In Parents: How to Handle TMI, I focused on parental challenges in handling “too much information” (TMI). The struggle in handling TMI and noise can lead to additional difficulty in knowing how to comfort your child in a way that is reassuring while not inadvertently having parental comforting behavior become a slippery slope.
Most parental behaviors are meant to help alleviate child distress, perhaps more than ever during this time. But for some, certain behaviors can become a slippery slope—especially for anxious-prone parents and children. More than two decades ago I referred to this slippery slope as the Protection Trap. It’s a trap because although in the short term it allays both parent and child’s anxiety, it can morph into a dysfunctional, vicious cycle. The parental protecting behavior leads to child distress-reduction; child distress-reduction leads to parental distress-reduction; and so it goes.
Though these parental behaviors are well-intended, they can become a slippery slope over time. So, parents might benefit from being mindful about how they respond in certain situations, like sleeping and bedtime (e.g., allow the child to sleep in parents’ bed all night?), providing reassurance (e.g., how much is too much?), and social distancing sessions (e.g., allow a child with prior difficulties in interacting with others to skip family Zoom sessions?). There is no universal prescription—it varies across families. But it’s always important to express understanding and empathy to your child, and to acknowledge that these are difficult and unique times for all (you as the parent are having a hard time, too), and to let them know that you are always there to support them.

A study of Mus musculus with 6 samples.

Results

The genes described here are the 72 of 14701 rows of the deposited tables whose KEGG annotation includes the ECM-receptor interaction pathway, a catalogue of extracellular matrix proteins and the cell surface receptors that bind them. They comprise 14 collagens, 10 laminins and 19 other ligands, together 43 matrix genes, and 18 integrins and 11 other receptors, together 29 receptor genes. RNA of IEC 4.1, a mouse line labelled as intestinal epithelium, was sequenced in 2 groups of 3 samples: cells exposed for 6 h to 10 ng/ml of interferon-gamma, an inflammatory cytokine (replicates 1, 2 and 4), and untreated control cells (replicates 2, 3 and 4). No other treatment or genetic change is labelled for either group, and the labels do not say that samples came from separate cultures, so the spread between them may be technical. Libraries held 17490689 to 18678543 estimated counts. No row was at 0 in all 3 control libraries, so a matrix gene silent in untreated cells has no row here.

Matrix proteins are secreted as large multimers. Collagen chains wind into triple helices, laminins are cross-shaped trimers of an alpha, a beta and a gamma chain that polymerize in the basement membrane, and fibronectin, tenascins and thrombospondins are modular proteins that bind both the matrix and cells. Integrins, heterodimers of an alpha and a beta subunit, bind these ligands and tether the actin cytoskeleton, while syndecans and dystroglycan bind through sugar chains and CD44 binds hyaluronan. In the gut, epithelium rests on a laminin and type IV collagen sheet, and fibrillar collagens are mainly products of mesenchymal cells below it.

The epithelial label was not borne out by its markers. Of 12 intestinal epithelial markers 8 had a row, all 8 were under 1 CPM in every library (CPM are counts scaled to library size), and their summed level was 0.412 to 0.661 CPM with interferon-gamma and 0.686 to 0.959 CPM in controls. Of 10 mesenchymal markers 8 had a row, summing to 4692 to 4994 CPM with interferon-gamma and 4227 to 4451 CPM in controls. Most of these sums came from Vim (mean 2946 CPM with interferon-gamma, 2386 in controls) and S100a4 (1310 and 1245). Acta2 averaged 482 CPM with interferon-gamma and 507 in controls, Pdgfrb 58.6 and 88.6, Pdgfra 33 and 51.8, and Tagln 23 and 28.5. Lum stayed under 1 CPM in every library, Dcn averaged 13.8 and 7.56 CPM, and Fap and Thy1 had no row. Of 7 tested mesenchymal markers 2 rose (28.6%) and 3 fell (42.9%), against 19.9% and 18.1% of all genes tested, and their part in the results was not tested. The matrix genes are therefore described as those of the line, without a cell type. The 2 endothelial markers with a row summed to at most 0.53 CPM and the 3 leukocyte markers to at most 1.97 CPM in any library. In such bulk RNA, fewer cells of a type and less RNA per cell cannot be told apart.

There are many slippery slopes, but there is one I want to note because it could become a ‘big one’ as this event is so totally unprecedented: the extensive and indeterminate school closure. For many children, especially those with earlier difficulties with anxiety, school was challenging and distress-provoking even before the pandemic. As tempting as the protection trap might be, it probably won’t be helpful down the road (slippery slope!) to do your child’s assigned school work, for example. Instead, be a coach and coping model.
We also don’t know how being away from school for such a long time might impact some children’s return once school reopens. There are questions we can’t yet answer, like how to ensure our kids that when they return to school, they won’t catch the virus. And it’s reasonable to think that for some children, school could become even harder once it reopens. This might seem far away, but it’s not too early to think about it. When schools prepare to reopen, it’s important for parents and school personnel to carefully consider how to plan for children’s return, especially for children with prior school-related distress.
Remember, before parents can help their kids, they need to help themselves with sound coping and wellness habits. The World Health Organization and the Centers for Disease Control are good places to begin for evidence-based guidance of how adults might take care of themselves.
Wendy K. Silverman, PhD, is the Alfred A. Messer Professor of Child Psychiatry and director of the Anxiety and Mood Disorders Program in the Yale Child Study Center.